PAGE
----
Many elements involved in Canvas upkeep

Updates have been made on Canvas for both faculty and students recently, involving several different administrative offices at the University.

Most students on campus could describe what Canvas is and how it is used, but many may not be able to describe how it is maintained and updated.

Paul Cesarini, executive director of the Center for Faculty Excellence, said that many different administrative offices need to be involved in Canvas upkeep, because one office could not accommodate the variety of reasons that students, faculty and staff use Canvas.

How is Canvas maintained and updated then? The three basic stages start with faculty, staff and student feedback gathered from surveys, seminars and Canvas training sessions. Using that input, administrative offices like the CFE discuss what changes would make Canvas better for everyone. Once those changes are decided, a department like Information Technology Services implements the actual coding so that a changed Canvas appears when everyone signs in.

University administration are not the only ones making changes on Canvas though. The Canvas learning management system, or LMS, is owned by the education technology company Instructure, and they periodically update Canvas too. Some of these changes happen without the permission of the University.

The University administration does have a choice in what learning technology integrations, or LTI, they use and do not use though. For instance, Turnitin is the plagiarism detection software that the University uses, but there are other similar LTIs that administration could have chosen instead.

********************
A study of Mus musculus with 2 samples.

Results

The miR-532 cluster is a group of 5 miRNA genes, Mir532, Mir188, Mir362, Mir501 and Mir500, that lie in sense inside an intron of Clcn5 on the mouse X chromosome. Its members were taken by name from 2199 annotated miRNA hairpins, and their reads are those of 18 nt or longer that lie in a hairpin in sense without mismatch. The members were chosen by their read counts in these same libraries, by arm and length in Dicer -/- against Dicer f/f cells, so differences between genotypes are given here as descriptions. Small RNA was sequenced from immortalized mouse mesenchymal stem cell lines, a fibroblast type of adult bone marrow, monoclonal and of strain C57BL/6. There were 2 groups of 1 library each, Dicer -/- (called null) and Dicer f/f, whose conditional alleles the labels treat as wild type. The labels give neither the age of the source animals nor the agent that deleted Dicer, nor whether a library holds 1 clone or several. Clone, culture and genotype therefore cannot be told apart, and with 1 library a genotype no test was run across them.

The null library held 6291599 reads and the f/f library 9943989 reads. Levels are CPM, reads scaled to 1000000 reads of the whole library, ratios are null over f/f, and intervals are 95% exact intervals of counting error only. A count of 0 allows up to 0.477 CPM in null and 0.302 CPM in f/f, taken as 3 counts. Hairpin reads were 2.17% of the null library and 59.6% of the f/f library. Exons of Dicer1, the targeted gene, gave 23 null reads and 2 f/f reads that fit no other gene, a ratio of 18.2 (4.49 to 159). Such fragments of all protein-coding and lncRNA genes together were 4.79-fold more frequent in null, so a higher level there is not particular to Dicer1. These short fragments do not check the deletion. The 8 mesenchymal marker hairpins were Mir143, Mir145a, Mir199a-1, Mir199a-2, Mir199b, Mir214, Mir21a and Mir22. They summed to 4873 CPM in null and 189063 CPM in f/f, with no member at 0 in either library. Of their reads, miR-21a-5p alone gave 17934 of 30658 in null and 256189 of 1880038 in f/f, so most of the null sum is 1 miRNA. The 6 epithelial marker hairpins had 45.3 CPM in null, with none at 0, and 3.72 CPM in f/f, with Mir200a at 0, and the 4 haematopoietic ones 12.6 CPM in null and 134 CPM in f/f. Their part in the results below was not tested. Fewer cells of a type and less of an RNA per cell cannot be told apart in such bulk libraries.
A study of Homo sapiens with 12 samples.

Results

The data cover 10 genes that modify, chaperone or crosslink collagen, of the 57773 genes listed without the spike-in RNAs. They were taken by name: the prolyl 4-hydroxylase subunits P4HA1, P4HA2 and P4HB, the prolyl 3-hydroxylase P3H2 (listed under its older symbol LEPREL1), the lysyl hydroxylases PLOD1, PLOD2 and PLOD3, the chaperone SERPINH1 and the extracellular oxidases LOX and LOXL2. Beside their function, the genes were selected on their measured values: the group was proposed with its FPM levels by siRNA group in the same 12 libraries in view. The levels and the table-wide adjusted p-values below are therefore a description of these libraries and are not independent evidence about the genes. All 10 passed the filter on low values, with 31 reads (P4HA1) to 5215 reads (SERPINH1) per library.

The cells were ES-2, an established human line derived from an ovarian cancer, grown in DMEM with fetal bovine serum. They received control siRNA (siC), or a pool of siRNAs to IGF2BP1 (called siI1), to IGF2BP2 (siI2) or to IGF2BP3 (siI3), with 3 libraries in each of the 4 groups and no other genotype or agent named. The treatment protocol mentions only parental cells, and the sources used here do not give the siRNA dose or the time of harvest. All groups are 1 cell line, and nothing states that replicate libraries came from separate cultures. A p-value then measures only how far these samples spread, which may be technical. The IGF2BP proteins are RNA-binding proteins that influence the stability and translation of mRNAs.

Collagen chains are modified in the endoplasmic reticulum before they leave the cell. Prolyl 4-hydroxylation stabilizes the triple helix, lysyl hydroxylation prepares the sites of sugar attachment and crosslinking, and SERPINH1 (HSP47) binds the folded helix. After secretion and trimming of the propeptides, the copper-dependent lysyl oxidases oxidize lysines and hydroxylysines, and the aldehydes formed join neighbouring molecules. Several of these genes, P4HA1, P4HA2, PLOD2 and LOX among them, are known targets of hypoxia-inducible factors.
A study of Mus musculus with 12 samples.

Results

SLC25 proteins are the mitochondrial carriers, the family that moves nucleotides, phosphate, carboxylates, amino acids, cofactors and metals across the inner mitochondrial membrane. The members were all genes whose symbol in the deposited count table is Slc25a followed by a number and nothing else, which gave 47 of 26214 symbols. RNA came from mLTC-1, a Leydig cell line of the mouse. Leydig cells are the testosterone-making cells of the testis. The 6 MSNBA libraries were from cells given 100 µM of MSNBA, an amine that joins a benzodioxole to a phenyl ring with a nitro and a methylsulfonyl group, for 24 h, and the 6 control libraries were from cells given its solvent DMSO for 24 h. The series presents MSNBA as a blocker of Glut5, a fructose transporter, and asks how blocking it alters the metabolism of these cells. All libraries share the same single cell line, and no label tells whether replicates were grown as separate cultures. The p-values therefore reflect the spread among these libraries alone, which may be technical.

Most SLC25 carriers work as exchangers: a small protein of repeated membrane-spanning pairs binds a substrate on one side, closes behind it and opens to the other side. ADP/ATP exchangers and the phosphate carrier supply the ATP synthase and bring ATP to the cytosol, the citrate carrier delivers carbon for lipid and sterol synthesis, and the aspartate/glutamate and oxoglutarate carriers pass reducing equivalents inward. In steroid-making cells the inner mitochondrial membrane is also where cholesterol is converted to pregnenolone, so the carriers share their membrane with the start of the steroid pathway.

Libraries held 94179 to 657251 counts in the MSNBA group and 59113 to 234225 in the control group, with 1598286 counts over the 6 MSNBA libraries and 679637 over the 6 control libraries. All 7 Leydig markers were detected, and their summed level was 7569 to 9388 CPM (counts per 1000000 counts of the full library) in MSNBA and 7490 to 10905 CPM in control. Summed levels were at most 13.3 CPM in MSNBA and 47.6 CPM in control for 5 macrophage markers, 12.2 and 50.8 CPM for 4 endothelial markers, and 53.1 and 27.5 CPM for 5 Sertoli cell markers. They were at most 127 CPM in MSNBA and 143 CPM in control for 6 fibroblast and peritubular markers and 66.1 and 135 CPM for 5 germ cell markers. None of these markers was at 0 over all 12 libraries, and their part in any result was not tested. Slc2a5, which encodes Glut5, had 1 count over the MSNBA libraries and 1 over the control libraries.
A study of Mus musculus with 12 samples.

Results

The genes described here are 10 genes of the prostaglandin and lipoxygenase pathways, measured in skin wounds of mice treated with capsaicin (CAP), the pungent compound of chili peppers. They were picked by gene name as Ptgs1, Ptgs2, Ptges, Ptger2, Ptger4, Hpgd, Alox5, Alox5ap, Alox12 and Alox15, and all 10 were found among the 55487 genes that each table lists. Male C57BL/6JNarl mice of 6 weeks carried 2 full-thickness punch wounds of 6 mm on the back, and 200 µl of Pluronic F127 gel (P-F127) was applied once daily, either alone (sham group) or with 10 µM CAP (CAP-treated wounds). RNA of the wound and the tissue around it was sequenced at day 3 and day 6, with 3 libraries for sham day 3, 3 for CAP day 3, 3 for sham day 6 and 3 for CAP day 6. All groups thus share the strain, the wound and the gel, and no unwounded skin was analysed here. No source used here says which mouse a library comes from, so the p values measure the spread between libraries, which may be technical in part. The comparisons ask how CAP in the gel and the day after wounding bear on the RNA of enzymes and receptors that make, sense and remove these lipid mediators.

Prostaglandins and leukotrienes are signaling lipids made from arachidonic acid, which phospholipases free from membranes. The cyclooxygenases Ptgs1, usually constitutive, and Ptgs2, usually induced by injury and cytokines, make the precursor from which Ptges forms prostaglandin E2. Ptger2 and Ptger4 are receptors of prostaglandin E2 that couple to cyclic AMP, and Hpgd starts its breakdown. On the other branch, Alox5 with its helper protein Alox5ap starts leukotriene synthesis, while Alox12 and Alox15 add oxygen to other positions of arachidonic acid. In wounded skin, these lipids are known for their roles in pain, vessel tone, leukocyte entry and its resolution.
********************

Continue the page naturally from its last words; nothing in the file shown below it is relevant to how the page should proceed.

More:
Think of Canvas as an iPhone: the LTIs are apps and the whole LMS is like the version of iOS. A user can choose whatever apps they want from the app store, but when a new version of iOS comes out it is necessary to upgrade.

Instructure gives the details of their updates in their release notes on the community section of their website (

Some of the Canvas changes that students will notice is the ability to do anonymous peer reviewing and that the “submit” button for assignments is more noticeable. Other updates include being able to see the details of a locked assignment and an icon in place of a grade when a quiz is not completely graded.

Most of the recent updates have been for staff and faculty. Donald Schumacher, senior applications developer for ITS, said that the recent updates enable faculty to excuse individual students from assignments and also assign individual students assignments instead of a whole class section. Faculty can now also enable liking on discussion pages.

In addition to all these changes, Instructure has created a new beta version of Canvas with a more streamlined home page that resembles the Windows 8 tile layout with a left-hand toolbar for other options. University administration has not commented on whether they want to try this new beta version or not.

Information about the beta version of Canvas can also be found in the release notes on Instructure’s community section of their website.